Wednesday, August 10, 2016
Two articles published in the latest issue of the Journal of Empirical Legal Studies:
Michael Heise & Martin T. Wells, Revisiting Eisenberg and Plaintiff Success: State Court Civil Trial and Appellate Outcomes
Despite what Priest-Klein theory predicts, in earlier research on federal civil cases, Eisenberg found an association between plaintiff success in pretrial motions and at trial. Our extension of Eisenberg's analysis 20 years later into the state court context, however, does not uncover any statistically significant association between a plaintiff's success at trial and preserving that trial victory on appeal. Our results imply that a plaintiff's decision to pursue litigation to a trial court conclusion is analytically distinct from the plaintiff's decision to defend an appeal of its trial court win brought by a disgruntled defendant. We consider various factors that likely account for the observed differences that distinguish our results from Eisenberg's. First, legal cases that persist to an appellate outcome are a filtered subset of underlying trials and legal disputes and various selection effects inform much of this case filtering. Second, where Eisenberg analyzed the relation between pretrial motions and trial outcomes in federal courts, we assess possible relations between trial and appellate court outcomes in state courts. The pretrial and trial context and the trial and appeals context likely differ in ways that disturb plaintiff success. Third, while Eisenberg studied federal cases between 1978–1985 we study state cases between 2001–2009. In addition to differences between federal and state civil cases, the composition of cases that selected into formal litigation may have evolved over time.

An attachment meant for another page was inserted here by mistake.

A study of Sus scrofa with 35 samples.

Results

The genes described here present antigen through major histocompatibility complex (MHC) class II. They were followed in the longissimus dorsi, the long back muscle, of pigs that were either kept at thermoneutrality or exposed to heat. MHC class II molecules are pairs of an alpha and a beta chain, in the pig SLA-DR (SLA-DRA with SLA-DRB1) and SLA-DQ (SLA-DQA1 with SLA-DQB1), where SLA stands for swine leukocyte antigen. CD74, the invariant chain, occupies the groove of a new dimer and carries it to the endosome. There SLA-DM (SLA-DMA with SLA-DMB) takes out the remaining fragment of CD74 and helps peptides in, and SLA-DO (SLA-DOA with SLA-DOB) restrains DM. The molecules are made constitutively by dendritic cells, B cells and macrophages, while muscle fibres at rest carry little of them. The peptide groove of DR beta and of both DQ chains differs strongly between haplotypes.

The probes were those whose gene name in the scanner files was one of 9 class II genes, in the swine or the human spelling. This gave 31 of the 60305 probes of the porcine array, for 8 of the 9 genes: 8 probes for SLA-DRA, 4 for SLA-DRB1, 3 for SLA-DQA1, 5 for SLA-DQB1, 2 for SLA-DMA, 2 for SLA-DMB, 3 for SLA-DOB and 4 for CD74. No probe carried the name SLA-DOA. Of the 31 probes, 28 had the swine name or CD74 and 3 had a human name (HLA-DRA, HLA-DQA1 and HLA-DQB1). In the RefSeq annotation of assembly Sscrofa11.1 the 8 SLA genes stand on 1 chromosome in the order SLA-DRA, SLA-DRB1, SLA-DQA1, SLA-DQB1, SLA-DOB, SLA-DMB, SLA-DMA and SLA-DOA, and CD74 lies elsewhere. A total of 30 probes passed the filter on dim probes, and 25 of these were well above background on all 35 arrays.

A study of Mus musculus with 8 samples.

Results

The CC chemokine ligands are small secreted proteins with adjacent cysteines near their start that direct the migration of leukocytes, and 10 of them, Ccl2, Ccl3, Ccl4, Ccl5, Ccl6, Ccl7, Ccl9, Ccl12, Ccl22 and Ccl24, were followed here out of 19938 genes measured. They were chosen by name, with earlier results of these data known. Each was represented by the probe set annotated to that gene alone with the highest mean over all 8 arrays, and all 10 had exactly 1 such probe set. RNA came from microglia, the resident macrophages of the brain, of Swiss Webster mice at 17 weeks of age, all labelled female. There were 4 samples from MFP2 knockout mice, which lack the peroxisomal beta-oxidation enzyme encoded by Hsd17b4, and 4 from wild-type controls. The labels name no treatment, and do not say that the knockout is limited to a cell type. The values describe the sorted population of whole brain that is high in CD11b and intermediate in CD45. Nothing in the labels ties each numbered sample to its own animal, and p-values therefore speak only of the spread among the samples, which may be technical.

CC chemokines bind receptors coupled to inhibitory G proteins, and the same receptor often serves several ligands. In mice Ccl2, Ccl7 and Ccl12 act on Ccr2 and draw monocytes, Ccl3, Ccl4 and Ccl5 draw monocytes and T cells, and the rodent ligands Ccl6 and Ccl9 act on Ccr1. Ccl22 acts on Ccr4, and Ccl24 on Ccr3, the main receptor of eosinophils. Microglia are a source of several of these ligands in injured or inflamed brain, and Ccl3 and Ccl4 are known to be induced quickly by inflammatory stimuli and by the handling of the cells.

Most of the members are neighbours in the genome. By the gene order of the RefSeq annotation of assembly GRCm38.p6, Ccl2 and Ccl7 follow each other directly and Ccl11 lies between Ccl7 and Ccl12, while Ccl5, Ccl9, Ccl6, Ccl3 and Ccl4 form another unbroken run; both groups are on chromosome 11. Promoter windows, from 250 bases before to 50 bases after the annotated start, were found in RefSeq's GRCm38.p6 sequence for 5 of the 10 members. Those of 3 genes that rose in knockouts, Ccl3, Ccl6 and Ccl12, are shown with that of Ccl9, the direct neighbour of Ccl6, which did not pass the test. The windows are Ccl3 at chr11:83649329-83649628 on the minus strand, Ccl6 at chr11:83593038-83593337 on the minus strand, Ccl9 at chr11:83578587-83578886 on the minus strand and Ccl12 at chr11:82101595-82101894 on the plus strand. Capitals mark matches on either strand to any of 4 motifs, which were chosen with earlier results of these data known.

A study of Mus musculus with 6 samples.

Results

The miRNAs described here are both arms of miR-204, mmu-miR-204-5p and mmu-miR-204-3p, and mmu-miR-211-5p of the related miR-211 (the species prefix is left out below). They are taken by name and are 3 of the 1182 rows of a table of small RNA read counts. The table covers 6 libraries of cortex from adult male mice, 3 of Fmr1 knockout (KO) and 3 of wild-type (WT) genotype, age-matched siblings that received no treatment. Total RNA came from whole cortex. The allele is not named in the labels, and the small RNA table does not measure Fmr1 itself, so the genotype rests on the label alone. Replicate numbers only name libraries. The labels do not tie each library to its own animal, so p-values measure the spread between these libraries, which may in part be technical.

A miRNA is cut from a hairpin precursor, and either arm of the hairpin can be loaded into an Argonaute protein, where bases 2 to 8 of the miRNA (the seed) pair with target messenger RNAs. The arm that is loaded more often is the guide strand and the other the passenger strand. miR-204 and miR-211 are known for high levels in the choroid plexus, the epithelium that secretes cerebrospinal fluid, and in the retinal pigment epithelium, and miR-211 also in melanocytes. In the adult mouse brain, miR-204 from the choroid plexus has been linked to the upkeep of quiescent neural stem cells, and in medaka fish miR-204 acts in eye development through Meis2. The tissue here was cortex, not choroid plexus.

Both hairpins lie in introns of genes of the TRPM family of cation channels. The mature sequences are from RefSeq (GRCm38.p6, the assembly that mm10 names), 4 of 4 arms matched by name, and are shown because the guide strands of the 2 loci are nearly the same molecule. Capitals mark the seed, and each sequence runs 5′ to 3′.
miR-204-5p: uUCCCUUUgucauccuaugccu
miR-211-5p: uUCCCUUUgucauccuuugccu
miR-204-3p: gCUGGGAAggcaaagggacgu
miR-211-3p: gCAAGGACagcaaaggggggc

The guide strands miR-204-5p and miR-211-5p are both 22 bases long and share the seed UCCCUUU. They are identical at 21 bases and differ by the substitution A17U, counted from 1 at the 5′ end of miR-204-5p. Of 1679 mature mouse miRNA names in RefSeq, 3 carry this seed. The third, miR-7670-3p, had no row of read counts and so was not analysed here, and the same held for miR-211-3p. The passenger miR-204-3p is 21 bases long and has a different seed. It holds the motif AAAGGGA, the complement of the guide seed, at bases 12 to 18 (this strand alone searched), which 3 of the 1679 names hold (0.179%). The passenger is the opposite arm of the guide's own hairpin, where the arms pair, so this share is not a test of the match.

Talia Fisher, Tamar Kritcheli-Katz, Issi Rosen-Zvi, & Theodore Eisenberg, He Paid, She Paid: Exploiting Israeli Courts' Rulings on Litigation Costs to Explore Gender Biases
This study documents gender disparities in litigation-cost rulings in Israel. It expands on the existing literature on judicial bias in at least two important ways: by controlling for the merits of the cases and by focusing on civil litigation. The first improvement is methodological. The unique Israeli regime of litigation costs allows us to control for the merit of the cases, as well as for other typically unobservable variables, and thus to isolate and observe judicial bias. The second improvement on the existing literature on judicial bias involves focusing on outcome disparities in the civil (rather than criminal) justice system. Although numerous studies explore gender-based disparities in the criminal justice sphere, only a very small number of studies explore such disparities in the civil arena. We found clear disparities in the allocation of litigation costs between men and women. Male plaintiffs who lost were ordered to pay the winners' legal fees more often than were losing women as sole plaintiffs or as part of all-women plaintiff groups. Likewise, the fees women plaintiffs who lost a case were obliged to pay were less than those required of losing men, and women defendants who won cases received higher fee awards than similarly situated men.